Friday, February 11, 2011
Well, I have to say that Botox was an extreme disappointment. After lengthy examination I have concluded that there is little difference. If I had taken before and after shots, I think they would have been interchangeable. If anything my smile lines have simply migrated to under the eyes, where they have congregated to make me look a little jovial and baggier than usual. Sort of like Buddha, so that now my face matches my belly. Not quite what I had in mind.
But then again this experience has made me realise one thing - that I very seldom spend much time looking at myself in the mirror nowadays. A quick glance to make sure I don't have blobs of mascara studding my cheeks, or a wily chin hair wafting gently in the breeze, and then an efficent - and usually critical - examination of my hair and that's about it. So there's a goodly chance, I suppose, that I look massively younger and just don't realise it because I'm comparing myself to way back when, and not now. And even mega-doses of Botox ain't going to bridge that gap.
It's not like I don't have a plethora of mirrors in my house either. There's one in the hall, and one over the fireplace, and several full-length ones fixed to wardrobe doors. As well as dressing-tables, and vanities, and cabinets, and we even have one of those make-up mirrors that magnify and illuminate and make pores look like moon craters while giving your skin all the glow of a ruddy apple. Conversation with my daughters, and their friends, are punctuated by teenage eyes sliding away to whatever mirror is behind me, where they give themselves a brisk once-over before sliding back. Only to repeat the process again a few minutes later, like it's a compulsion.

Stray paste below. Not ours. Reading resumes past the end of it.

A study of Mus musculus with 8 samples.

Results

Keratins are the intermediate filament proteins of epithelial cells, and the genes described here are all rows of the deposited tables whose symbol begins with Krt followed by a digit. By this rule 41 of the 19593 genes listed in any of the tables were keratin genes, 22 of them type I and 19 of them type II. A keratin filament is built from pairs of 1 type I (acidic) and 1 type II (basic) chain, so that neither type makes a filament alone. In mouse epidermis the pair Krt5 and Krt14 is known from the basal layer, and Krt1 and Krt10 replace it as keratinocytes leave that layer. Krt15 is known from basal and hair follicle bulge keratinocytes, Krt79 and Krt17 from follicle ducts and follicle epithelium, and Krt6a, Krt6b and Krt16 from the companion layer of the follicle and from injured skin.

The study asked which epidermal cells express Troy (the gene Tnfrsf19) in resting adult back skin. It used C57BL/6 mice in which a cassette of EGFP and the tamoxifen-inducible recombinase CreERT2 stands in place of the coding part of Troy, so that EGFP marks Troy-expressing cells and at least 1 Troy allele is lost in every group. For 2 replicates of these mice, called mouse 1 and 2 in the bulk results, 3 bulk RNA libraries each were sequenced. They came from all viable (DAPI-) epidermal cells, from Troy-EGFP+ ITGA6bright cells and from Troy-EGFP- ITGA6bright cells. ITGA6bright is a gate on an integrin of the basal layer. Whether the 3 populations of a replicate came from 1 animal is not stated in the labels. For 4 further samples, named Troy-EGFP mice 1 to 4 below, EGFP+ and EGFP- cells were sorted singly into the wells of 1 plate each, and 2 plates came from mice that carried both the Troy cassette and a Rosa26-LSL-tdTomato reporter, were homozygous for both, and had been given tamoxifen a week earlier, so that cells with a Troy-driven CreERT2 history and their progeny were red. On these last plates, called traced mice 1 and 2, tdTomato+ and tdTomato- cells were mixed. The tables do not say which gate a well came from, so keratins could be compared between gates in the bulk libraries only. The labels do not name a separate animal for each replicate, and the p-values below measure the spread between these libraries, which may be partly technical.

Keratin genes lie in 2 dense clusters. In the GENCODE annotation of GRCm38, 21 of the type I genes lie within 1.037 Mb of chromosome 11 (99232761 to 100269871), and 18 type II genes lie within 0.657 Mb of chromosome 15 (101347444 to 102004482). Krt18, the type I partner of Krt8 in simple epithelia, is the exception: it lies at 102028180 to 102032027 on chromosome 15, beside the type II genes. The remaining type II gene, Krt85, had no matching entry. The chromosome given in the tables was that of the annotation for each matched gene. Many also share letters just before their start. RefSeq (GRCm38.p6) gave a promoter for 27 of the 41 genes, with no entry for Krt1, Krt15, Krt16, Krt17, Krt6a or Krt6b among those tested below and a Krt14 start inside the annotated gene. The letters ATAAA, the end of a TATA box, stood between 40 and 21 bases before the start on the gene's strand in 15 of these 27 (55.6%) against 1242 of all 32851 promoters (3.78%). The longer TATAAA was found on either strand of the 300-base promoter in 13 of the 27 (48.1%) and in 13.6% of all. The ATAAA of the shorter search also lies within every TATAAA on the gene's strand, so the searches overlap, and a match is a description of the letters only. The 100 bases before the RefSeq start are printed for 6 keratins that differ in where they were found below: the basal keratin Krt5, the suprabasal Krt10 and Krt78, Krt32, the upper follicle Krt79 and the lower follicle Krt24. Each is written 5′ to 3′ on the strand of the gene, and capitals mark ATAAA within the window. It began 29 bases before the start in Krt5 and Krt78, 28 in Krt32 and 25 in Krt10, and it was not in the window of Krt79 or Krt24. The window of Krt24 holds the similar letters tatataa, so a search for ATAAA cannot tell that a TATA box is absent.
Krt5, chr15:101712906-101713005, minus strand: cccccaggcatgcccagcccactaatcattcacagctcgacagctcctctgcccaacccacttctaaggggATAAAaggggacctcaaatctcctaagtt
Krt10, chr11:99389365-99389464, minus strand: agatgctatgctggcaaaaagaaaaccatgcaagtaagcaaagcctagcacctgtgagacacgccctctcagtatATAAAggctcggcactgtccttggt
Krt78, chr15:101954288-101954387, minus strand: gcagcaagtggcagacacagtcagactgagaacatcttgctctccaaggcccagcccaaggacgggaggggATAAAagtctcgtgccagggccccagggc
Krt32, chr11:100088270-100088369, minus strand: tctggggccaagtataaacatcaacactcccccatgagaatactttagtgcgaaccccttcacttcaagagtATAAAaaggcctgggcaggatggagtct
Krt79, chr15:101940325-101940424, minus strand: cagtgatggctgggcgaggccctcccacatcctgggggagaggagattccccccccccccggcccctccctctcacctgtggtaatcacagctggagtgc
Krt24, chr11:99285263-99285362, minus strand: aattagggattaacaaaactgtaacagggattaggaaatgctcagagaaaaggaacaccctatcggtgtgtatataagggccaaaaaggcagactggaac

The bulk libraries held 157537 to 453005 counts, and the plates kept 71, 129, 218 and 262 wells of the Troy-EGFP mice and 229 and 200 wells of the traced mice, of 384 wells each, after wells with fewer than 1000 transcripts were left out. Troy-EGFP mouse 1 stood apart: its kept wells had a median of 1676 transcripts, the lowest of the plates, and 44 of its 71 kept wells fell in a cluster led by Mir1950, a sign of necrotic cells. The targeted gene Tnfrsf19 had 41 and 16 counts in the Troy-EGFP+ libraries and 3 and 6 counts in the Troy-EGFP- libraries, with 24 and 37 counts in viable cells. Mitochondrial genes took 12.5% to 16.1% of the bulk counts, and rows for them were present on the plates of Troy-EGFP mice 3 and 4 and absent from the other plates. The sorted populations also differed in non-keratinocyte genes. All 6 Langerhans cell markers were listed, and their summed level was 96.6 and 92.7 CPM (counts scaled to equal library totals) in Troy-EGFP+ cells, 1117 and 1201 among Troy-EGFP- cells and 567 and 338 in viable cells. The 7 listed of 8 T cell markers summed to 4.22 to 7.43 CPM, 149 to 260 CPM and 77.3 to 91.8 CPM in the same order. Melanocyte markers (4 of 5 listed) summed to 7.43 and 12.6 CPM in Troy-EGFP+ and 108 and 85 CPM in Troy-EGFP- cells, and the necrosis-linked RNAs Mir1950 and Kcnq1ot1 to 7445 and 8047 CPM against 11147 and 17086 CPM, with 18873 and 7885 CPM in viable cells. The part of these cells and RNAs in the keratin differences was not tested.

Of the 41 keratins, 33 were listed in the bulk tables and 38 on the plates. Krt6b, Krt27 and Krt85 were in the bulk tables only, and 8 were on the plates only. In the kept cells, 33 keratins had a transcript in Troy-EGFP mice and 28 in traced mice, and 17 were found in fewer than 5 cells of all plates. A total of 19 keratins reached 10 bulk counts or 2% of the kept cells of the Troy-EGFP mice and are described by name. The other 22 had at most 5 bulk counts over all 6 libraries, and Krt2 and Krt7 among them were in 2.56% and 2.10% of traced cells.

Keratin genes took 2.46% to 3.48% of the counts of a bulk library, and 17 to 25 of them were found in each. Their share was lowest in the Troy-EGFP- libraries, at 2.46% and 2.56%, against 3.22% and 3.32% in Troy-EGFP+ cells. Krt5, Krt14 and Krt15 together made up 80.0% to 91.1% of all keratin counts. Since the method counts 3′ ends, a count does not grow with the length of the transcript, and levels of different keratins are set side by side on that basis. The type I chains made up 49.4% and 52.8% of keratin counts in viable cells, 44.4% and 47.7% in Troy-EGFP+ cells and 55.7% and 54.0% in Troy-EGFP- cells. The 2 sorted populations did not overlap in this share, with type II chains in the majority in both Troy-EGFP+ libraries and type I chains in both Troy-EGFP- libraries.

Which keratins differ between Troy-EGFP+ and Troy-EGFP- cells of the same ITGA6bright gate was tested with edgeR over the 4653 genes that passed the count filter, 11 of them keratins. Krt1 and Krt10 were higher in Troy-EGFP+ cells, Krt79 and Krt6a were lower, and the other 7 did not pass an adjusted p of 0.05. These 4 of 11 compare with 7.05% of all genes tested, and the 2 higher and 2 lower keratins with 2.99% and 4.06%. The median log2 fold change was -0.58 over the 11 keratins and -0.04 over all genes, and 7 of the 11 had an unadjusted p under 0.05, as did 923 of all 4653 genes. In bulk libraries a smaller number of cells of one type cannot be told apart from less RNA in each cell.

I can't quite remember what it was like to have such an easy relationship with my reflection, but I suspect that they - too - are looking for flaws rather than admiring the overall result. Why do we do that? There's that old joke that women will never be truly equal with men until they too can walk down the street with a bald spot and beer belly and think they look sexy. And if that's the case, we have a long way to go. God, says my slim, smooth-skinned, gorgeous nineteen-year old, staring critically at herself, I look like shit. Her friend turns it into a competition. Look at me! My nose, my chin, my ass! It casts a frigging shadow! And I wonder why it is that they cannot see what I can, or appreciate what they have. So maybe it's not about appearance as much as acceptance. And all the Botox in the world isn't going to help anybody without that.
So I have decided to start rediscovering myself. Spend a little more time enjoying the view. After all every line and wrinkle and crow's foot is part of the language used to tell my story and I quite like myself, and where I've been, and what I've done, so why shouldn't I value the end result? With this in mind I just spent ten minutes, stark naked, staring at myself in my dressing-table mirror and can confidentally say that's not a good idea. Probably best to start a little slower.